SUPERIOR COURT OF PENNSYLVANIA


decided: June 22, 1971.

MORRIS MOTOR VEHICLE OPERATOR LICENSE CASE

Appeal from order of Court of Common Pleas, Civil Division, of Allegheny County, No. SA-203 of 1970, in case of Commonwealth of Pennsylvania v. James Herbert Morris.

COUNSEL

Anthony J. Maiorana, Assistant Attorney General, with him Elmer T. Bolla, Deputy Attorney General, and J. Shane Creamer, Attorney General, for Commonwealth, appellant.

No oral argument was made nor brief submitted for appellee.

Wright, P. J., Watkins, Montgomery, Jacobs, Hoffman, Spaulding, and Cercone, JJ. Opinion by Jacobs, J.

Author: Jacobs

[ 218 Pa. Super. Page 348]

Appellee was apprehended, on October 26, 1969, on a charge of operating a motor vehicle while under the influence of intoxicating liquor. He was taken to a police station where police officers requested that he submit to a breathalyzer test as provided in the so-called "Implied Consent Law," § 624.1(a) of The Vehicle Code of April 29, 1959, P. L. 58, as amended, 75 P.S. § 624.1(a).*fn1

Appellee requested that he be permitted to make a telephone call to his attorney before submitting to the test. This request was denied by the police and appellee, thereupon, refused to take the test. A report of this refusal was then sent to the Department of Transportation, Bureau of Traffic Safety. The Secretary of Revenue suspended appellee's license for a period of three months, effective December 22, 1969, for refusal to submit to the test. Appellee appealed this suspension to the lower court on March 10, 1970.

On April 29, 1970, the appeal was sustained. The lower court defined the issue to be: Should police officers honor a specific request by a licensee to make a telephone call prior to taking the chemical test? It then held that it was unreasonable for police officers

[ 218 Pa. Super. Page 349]

    to deny such a request; therefore, in these circumstances, there was not a refusal to submit to a chemical test as required by § 624.1(a). Thus, the lower court set aside the order of suspension. We reverse.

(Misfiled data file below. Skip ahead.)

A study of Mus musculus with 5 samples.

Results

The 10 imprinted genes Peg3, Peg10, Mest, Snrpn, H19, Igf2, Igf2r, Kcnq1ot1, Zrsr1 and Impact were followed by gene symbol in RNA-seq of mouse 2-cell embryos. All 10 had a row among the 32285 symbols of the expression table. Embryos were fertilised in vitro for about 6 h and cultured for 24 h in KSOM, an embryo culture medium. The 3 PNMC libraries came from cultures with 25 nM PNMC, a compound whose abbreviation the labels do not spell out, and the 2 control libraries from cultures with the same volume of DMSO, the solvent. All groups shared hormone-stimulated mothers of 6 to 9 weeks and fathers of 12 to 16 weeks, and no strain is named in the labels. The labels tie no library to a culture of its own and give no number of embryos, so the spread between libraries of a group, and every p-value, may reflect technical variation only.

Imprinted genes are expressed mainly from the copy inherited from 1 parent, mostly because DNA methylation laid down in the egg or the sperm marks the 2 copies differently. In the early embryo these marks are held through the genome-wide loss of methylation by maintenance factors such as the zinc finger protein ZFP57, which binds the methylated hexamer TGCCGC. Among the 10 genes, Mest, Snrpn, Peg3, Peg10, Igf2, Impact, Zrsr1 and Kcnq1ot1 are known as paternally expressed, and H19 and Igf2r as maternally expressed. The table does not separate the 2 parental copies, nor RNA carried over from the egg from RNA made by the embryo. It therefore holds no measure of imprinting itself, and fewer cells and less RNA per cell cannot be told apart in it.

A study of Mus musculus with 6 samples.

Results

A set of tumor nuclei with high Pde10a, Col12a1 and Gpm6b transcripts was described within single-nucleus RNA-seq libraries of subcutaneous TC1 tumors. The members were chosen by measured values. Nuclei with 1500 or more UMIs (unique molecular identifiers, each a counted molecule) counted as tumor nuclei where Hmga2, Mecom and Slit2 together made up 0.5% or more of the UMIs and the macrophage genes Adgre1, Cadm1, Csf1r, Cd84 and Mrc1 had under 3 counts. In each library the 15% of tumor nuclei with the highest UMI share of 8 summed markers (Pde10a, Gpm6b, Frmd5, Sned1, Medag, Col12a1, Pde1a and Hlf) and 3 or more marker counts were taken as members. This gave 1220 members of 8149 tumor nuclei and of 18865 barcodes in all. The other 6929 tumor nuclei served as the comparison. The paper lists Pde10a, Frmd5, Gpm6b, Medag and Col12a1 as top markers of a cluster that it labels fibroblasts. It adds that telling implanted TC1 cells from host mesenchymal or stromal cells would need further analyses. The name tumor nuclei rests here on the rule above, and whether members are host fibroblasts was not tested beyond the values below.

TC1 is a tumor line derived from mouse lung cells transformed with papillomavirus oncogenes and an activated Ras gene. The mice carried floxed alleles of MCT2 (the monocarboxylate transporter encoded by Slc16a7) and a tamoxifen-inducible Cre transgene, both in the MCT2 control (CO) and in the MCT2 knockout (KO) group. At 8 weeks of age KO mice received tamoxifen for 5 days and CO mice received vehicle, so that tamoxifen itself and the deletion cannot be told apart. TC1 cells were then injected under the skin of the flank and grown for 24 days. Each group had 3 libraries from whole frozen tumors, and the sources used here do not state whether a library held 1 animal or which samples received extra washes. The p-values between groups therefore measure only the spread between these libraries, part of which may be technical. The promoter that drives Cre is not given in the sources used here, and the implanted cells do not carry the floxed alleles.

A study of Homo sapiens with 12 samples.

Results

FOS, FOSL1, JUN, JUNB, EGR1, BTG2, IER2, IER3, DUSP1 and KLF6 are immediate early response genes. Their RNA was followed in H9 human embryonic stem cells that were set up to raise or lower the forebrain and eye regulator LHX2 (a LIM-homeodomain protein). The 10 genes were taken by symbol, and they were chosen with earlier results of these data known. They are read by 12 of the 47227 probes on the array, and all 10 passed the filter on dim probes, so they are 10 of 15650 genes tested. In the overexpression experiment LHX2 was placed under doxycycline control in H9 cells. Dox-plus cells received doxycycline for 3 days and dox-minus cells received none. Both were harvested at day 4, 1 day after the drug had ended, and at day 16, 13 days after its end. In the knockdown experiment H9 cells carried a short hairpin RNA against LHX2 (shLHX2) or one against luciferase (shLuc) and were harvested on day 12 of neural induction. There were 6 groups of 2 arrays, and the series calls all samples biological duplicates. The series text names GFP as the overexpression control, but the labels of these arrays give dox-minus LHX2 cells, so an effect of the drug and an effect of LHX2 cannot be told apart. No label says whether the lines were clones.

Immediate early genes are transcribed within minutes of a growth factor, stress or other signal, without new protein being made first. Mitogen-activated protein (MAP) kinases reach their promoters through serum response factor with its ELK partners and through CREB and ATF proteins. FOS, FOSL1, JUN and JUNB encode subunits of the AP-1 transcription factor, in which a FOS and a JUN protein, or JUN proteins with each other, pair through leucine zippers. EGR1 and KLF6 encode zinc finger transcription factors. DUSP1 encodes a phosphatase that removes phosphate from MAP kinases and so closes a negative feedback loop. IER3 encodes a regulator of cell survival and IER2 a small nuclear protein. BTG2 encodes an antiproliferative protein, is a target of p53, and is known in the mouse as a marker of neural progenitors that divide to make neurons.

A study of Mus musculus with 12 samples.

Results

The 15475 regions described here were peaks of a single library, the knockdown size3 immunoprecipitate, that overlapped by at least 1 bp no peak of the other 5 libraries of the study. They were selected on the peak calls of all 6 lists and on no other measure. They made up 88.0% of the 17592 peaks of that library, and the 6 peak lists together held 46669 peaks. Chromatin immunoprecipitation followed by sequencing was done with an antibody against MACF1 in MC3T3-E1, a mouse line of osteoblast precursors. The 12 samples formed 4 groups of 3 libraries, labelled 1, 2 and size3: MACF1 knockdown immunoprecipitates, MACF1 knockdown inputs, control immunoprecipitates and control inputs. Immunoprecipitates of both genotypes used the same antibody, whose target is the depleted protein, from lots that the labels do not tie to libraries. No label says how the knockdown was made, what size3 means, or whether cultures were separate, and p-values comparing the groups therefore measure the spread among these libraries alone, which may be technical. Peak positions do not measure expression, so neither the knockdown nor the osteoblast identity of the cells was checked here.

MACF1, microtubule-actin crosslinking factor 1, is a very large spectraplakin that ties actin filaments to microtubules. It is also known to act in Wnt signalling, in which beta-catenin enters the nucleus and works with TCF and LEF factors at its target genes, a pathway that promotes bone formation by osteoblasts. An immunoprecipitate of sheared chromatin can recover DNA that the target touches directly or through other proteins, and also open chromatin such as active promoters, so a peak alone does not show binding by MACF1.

The action of the secretary in suspending a license for refusal to take a breath test is a civil proceeding. Cf. Commonwealth v. Halteman, 192 Pa. Superior Ct. 379, 162 A.2d 251 (1960); Commonwealth v. Funk, 323 Pa. 390, 400, 186 A. 65, 70 (1936). Insofar as this civil proceeding is concerned, the licensee has no right to have an attorney present before deciding whether or not he will take the test. Mills v. Bridges, 93 Idaho 679, 471 P. 2d 66 (1970); State v. Pandoli, 109 N.J. Super. 1, 262 A.2d 41 (1970); Stratikos v. Department of Motor Vehicles, Or. App., 477 P. 2d 237 (1970).*fn2 There also is no right, either constitutional or statutory, to be able to call an attorney before deciding whether or not to take the test. Rusho v. Johns, 186 Neb. 131, 181 N.W. 2d 448 (1970); Finocchairo v. Kelly, 11 N.Y. 2d 58, 181 N.E. 2d 427, 226 N.Y.S. 2d 403 (1962), cert. denied, 370 U.S. 912 (1962).*fn3

Since no constitutional or statutory rights were abridged, it follows that appellee had no right to condition his taking the test upon being able to make a telephone call. Admittedly, there was only a qualified refusal; however, § 624.1(a) does not require that there be a flat refusal. As stated in State v. Pandoli, supra:

[ 218 Pa. Super. Page 350]

"In any event, the request for consultation with counsel necessarily involved a delay in administration of the test. Having in mind the remedial purpose of the statute, and the rapidity with which the passage of time and physiological processes tend to eliminate evidence of ingested alcohol in the system, it is sensible to construe the statute to mean that anything substantially short of an unqualified, unequivocal assent to an officer's request that the arrested motorist take the test constitutes a refusal to do so. . . . The occasion is not one for debate, maneuver or negotiation, but rather a simple 'yes' or 'no' to the officer's request." (Emphasis added.)

The order of the court below is reversed and the order of suspension of the Secretary of Revenue is reinstated.

Disposition

Order of court below reversed and suspension of Secretary of Revenue reinstated.